In the current political landscape of Europe, Belarus is a rare outsider. Although the country became a direct neighbor of the European Union in 2004 - by way of that entity's eastward enlargement - Belarus is politically, economically and socially far cry from European normality. As the March 2006 presidential elections illustrated, Belarus' shy democratization efforts of the early 1990s have not only ground to a complete halt but have increasingly given way to open dictatorship under President Alexander Lukashenka.
Democratic decision-making, elections and the rule of law are mere façade, while an elaborate police apparatus infringes massively on human, civic and political rights and suppresses criticism, democratic opposition and independent initiative. Free media have been replaced by a state-run propaganda machinery as primary source of information for Belarusian citizens, and grass-roots civic groups have been superseded by top-down and state-sponsored social organizations. The economy, too, is controlled by the state, which thus appropriates the resources for far-reaching re-distributive policies and offers modest welfare to its citizens, yet on the condition of their refraining from any open political criticism.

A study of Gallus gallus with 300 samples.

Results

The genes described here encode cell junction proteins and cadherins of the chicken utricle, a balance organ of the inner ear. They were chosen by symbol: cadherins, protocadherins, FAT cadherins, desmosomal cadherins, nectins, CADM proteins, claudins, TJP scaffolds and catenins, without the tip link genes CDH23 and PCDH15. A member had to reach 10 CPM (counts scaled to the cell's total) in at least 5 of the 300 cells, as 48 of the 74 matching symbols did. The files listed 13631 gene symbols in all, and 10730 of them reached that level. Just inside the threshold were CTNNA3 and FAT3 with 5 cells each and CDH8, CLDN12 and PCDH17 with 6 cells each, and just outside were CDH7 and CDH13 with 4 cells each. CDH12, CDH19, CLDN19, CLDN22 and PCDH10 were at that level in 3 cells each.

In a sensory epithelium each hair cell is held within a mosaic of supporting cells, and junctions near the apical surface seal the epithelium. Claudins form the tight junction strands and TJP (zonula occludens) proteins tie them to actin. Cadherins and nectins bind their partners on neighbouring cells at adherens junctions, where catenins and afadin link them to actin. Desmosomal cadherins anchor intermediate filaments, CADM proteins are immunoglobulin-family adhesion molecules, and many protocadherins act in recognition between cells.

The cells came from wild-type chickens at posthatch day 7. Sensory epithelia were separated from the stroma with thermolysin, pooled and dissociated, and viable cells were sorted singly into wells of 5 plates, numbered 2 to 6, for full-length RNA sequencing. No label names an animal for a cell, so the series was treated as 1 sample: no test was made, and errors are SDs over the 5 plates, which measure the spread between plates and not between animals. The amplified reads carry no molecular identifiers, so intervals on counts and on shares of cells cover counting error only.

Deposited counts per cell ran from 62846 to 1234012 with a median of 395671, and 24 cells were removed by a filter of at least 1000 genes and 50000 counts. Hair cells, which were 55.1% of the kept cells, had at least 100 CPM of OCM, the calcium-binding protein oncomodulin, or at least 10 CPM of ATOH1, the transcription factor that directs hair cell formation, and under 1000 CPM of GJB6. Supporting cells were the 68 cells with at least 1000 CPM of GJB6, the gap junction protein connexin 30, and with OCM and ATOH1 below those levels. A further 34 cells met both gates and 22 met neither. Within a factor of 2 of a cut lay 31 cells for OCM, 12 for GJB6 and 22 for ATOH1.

Thus re-sovietized from within, Belarus has become largely isolated from without. Relationships with the EU, the United States and other democratic countries have reached an all-time low, not least due to increasing Western criticism and support for the anti-Lukashenka opposition. Ties with Russia, the influential Eastern neighbor that is historically close and has long subsidized Belarus politically and economically, have recently soured. The few international allies still siding with Belarus include with Iran, Cuba and Venezuela similar anti-democratic and anti-Western outcasts.
Nonetheless, and despite Lukashenka's rhetoric and resolve, change seems to be engendering Belarus. The "Belarusian model" is slowly running out of resources, long supplied by Russia in form of cheap gas and oil. This will not be without effects on the Belarusian population and may well weaken the social basis of Lukashenka's regime. This should also open new opportunities for the democratic opposition and civil society in the country, which has recently appeared stronger and more united than in many years.
While timing, course and results of change are hard to predict, chances are that "Europe's last dictatorship" is nearing its end. Yet much will depend on Europe and the democratic community of nations, which will need to engage more consequently, generously and sustainably in the democratization of Belarus.